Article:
The Power of Purpose


Lots of things can help deliver that Wow feeling for consumers — setting, personalization, speed, uniqueness, and many more variables. I saw one differentiator at work recently during experiences with two companies in the same field that couldn’t have been more different.

The Power of Purpose as a way to differentiate the customer experience was in action at a Tesla store I recently had the opportunity to visit on a field trip for customer experience professionals organized by McKinsey & Company.

During our visit, the engaged employees in the store clearly were the factor that set the experience apart. They were enthusiastic, knowledgeable and friendly. Sure, having a great product helps, but you could see how an experience with these pricey, technology advanced cars could become intimidating. It could also become very easy for the staff to fall behind on the frequent technology updates and all of the knowledge it takes to address customer questions and overcome objections.

Because of their passion and excitement for the purpose of the company, employees approached learning tasks with enthusiasm and took great pride in sharing their knowledge about the cars, answering tough questions and leading customers through the sales process. It became clear that their commitment was driven in large part to rallying around a clear purpose centered on the environment and technology.

We asked our Tesla associate who took us on a Model X test drive if he hopes to stay with the company after he graduates from college and why he is so committed to his job. He talked enthusiastically about the company’s purpose and explained that he believes strongly in the environmental mission of the company — even though a green perspective isn’t something you’d expect from him as a self described “muscle car” driver on the weekends.

Even more telling was what he said about the culture of the organization: they had given him a chance. As he described, he is a young man in an urban setting with dreadlocks and getting an opportunity meant a lot after having been turned down by other potential employers including a large bank.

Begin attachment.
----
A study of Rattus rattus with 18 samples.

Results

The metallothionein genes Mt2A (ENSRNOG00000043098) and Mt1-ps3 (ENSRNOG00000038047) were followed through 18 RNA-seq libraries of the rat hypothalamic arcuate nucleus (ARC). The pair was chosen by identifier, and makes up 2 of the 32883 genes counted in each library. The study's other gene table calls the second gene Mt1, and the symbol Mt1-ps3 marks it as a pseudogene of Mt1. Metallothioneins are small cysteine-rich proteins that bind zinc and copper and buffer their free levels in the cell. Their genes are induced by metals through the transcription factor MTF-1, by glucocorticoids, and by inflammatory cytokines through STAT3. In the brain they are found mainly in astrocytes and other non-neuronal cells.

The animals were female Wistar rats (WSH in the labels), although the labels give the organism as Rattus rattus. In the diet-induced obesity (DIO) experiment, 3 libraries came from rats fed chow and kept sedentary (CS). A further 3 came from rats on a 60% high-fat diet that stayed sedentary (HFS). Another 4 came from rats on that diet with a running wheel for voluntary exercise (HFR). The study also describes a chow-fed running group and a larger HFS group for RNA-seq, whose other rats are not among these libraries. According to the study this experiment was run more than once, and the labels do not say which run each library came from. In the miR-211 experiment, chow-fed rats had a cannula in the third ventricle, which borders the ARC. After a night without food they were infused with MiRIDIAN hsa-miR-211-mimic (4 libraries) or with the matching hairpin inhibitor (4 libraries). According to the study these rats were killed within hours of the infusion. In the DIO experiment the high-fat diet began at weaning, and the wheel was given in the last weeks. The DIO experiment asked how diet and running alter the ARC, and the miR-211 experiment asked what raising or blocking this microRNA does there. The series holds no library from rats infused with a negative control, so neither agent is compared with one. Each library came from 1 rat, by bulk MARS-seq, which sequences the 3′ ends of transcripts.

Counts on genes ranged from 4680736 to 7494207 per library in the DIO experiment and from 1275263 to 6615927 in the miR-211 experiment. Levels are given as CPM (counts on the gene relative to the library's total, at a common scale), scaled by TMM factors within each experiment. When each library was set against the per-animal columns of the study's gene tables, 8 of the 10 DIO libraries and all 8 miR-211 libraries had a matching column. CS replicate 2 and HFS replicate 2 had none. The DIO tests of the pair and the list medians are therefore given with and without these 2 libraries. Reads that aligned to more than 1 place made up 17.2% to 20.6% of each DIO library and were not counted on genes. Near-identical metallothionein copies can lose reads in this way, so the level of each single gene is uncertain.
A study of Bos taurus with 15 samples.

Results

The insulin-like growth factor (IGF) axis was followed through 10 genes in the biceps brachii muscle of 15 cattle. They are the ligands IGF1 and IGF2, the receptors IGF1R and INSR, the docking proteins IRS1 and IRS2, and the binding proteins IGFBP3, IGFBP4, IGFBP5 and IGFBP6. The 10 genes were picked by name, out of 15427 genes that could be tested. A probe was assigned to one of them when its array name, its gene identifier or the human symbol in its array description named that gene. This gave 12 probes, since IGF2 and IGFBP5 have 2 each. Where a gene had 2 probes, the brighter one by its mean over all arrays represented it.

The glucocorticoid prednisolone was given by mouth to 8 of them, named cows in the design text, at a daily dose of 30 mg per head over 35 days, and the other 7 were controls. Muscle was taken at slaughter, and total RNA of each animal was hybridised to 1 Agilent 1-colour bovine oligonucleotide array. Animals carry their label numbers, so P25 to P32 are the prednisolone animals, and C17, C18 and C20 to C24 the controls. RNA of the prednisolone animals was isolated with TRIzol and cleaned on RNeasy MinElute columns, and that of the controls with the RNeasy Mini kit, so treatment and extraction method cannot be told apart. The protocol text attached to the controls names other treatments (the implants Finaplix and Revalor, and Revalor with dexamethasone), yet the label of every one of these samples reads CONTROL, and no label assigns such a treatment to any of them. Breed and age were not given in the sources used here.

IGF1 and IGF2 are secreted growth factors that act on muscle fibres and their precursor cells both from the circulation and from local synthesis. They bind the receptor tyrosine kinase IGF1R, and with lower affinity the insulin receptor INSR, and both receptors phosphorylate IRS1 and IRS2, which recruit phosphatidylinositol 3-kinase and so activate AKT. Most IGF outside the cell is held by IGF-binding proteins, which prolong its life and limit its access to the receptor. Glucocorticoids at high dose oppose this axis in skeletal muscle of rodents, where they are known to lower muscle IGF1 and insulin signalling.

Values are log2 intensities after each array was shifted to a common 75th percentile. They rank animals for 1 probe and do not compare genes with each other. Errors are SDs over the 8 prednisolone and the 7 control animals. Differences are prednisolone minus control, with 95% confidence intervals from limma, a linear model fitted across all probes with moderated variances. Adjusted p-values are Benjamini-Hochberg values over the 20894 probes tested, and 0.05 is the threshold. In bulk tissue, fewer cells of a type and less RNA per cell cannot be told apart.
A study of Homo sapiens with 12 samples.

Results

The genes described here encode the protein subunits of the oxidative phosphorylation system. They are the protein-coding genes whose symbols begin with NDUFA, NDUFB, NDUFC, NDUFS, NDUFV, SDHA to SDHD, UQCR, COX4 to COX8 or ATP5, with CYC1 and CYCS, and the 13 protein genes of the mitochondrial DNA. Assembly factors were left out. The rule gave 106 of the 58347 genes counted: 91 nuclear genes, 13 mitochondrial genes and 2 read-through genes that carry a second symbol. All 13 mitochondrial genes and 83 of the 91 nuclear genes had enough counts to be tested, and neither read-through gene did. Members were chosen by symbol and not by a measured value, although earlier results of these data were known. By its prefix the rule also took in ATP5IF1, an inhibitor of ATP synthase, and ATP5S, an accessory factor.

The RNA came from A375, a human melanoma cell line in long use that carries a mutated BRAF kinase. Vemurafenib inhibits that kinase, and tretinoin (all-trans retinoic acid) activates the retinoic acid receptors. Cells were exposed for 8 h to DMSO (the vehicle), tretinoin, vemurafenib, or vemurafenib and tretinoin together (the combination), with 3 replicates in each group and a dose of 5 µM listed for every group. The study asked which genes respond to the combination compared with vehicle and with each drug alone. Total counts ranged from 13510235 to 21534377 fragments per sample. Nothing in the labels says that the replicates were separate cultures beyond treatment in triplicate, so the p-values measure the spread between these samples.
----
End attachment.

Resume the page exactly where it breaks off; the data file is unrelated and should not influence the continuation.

His connection with the company makes him passionate about the cars and motivated to learn. The staff told us that each associate completes about 45 min of online training every day to keep current.

This visit to Tesla stands in stark contrast to the experience I had several days later at the dealership where I was having my car serviced. The staff was on cruise control with absolutely no responsiveness to customer needs, all of which was aggravated by the poorly designed service facility setting. Because staff members were following their routines and focusing first on their own needs, we ended up getting a phone call to discuss our car’s issues from a service technician sitting at a desk positioned right next to where we were standing in the long line of customers waiting to make payments from the check in counter.

Our concerns about our nearly brand new car were dismissed with little discussion about what they had found, leaving us to wonder if they’d even driven the car (which was a service we’d paid extra for).

All throughout, none of the employees made eye contact or spoke to anyone in the long line, leaving us all with the clear sense that we were bothering them by interrupting their paperwork duties and rigid routines.

Clearly there was no Power of Purpose at work in this dealership.

The two experiences remind me that we as Cx professionals have a duty to drive employee engagement as a key factor for improving the customer experience at our companies.